Preserving Edisto

by Gretchen Smith



Edisto has another asset that often surprises and fascinates our visitors, and that is our rich history, which is documented as far back as 1570, when a Spanish missionary arrived to convert the Edisto Indians.  In 1683, the Edisto sold the island to the English, and then moved off the island and resettled near Port Royal.  It was at this point that the first documented white settlers arrived on Edisto Island, and a new phase of its history began.  Paul Grimball built the first plantation on Edisto, which was Point of Pines, and portions of its tabby foundation can still be seen today. 

Edisto’s "Golden Age” of prosperity began in 1790 and lasted until 1861, with the plantation owners amassing huge fortunes.  The source of this wealth was the highly prized sea island cotton.  At the height of the Golden Age, there were 62 plantations on Edisto Island with a total of around 5,000 slaves.  In the years following the Civil War, most of these plantation houses disappeared either from fire or neglect.  However, while some of these beautiful homes still remain today, they are all private and are only open to the public once a year during the Edisto Island Historic Preservation Society’s tour of historic plantations, churches, and graveyards that is held on the second Saturday in October. 

Fortunately, for Edisto’s visitors, it is still possible to get a view of what this grand lifestyle was like during the years of prosperity created by the cultivation of cotton.  In 1986, a group came together to form the Edisto Island Historic Preservation Society to preserve and exhibit the history of the island and to create a museum. 

Those who came to this island left a part of themselves behind – pottery shards, sweetgrass baskets, and fine furnishings from the grand plantation homes, farm equipment, Civil War artifacts, and photographs –  all of these and more can be seen at the Edisto Island Museum.  When you walk through the doors of the museum, you can step back in time and see what this life was like.  There are also artifacts from later times as well reflecting the changes that took place in the lives of Edistonians as they returned to a completely different life after the Civil War.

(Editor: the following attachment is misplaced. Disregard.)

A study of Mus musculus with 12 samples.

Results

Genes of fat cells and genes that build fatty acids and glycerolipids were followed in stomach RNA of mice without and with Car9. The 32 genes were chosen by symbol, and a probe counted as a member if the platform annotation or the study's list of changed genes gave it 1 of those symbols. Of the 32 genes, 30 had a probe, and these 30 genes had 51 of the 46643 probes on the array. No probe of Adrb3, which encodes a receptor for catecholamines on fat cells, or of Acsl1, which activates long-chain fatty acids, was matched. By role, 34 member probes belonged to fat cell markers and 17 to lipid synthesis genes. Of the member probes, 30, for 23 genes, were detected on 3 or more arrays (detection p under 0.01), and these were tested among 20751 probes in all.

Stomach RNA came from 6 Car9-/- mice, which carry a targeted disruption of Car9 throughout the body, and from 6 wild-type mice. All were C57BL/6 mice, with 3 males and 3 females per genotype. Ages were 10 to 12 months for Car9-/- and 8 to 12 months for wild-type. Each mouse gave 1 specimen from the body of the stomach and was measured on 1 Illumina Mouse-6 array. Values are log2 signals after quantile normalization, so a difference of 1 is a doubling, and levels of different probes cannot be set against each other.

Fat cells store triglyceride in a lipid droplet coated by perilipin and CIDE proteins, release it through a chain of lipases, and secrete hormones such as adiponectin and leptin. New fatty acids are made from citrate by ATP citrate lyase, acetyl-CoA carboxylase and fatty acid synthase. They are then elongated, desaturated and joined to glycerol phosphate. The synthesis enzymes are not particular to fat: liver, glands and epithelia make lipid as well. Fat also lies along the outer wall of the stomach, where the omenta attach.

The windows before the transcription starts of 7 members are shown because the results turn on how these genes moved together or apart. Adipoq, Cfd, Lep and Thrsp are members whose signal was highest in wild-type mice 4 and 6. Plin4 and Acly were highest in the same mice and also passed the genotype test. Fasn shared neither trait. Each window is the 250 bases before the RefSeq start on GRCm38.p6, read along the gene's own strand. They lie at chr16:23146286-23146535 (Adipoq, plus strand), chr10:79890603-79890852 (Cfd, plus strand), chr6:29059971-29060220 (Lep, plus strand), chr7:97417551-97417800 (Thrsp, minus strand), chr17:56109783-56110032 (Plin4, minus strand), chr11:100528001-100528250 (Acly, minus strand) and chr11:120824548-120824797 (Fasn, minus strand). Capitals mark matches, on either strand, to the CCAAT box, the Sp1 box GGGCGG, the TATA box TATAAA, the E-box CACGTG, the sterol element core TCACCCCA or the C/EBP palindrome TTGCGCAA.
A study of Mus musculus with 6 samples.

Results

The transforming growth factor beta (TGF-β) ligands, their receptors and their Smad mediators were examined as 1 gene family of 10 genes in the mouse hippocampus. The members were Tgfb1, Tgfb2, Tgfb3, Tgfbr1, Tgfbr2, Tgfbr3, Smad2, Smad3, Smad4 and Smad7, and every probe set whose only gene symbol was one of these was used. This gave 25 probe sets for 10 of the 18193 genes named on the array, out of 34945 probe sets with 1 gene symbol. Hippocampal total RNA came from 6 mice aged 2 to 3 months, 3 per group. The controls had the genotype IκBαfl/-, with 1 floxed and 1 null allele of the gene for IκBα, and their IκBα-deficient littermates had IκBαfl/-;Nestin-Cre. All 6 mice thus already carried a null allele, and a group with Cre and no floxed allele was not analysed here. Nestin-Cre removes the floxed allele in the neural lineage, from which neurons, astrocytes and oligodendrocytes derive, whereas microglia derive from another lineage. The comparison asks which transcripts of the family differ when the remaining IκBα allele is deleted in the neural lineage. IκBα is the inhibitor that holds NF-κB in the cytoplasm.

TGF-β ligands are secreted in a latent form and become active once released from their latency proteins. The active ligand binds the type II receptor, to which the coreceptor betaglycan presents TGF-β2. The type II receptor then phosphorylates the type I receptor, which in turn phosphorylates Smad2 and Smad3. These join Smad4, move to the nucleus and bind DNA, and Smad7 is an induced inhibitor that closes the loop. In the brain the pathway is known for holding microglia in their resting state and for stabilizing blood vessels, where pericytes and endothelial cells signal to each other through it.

In addition to telling the story of Edisto’s wealthy plantation owners, you can also learn the stories of generations of African Americans who came to the island as slaves.  Many of them stayed on the island after the Civil War as freedmen and became an important part of the local culture and community.  The Gullah influence of the descendants of former slaves can still be seen today, and the museum includes numerous examples of their contributions to Edisto’s way of life. 

Many people think of museums as stuffy places and don’t see how they could possibly be of interest to "regular” folks.  But, if you come to the Edisto Island Museum you will probably leave with a different point of view.  In addition to a large number of interesting artifacts, we also have a wonderful collection of old photographs from a variety of Edisto’s plantations.  You can even learn where the phrase "sleep tight” comes from when you see our rope bed that belonged to U.S. Vice-President John C. Calhoun!  And, we have a nature room designed just for our younger visitors where they can see examples of animals native to Edisto and the Lowcountry, including snakes, birds, raccoons and bobcats. 

When you’ve finished touring the museum, be sure to leave time to visit their wonderful gift shop.  It offers a large variety of books on the history of this area as well as cookbooks, jewelry, gifts and educational toys.  

The Edisto Island Museum is located at 8123 Chisolm Plantation Road.  Hours of operation are 1:00 – 4:00 on Tuesdays, Thursdays and Saturdays (January/February) 12:00 to 5:00 on Tuesdays through Saturdays (March through October) 11:00 to 4:00 on Tuesdays through Saturdays (November/December).  Visit or call 869-1954 for further information on special events and exhibits and directions.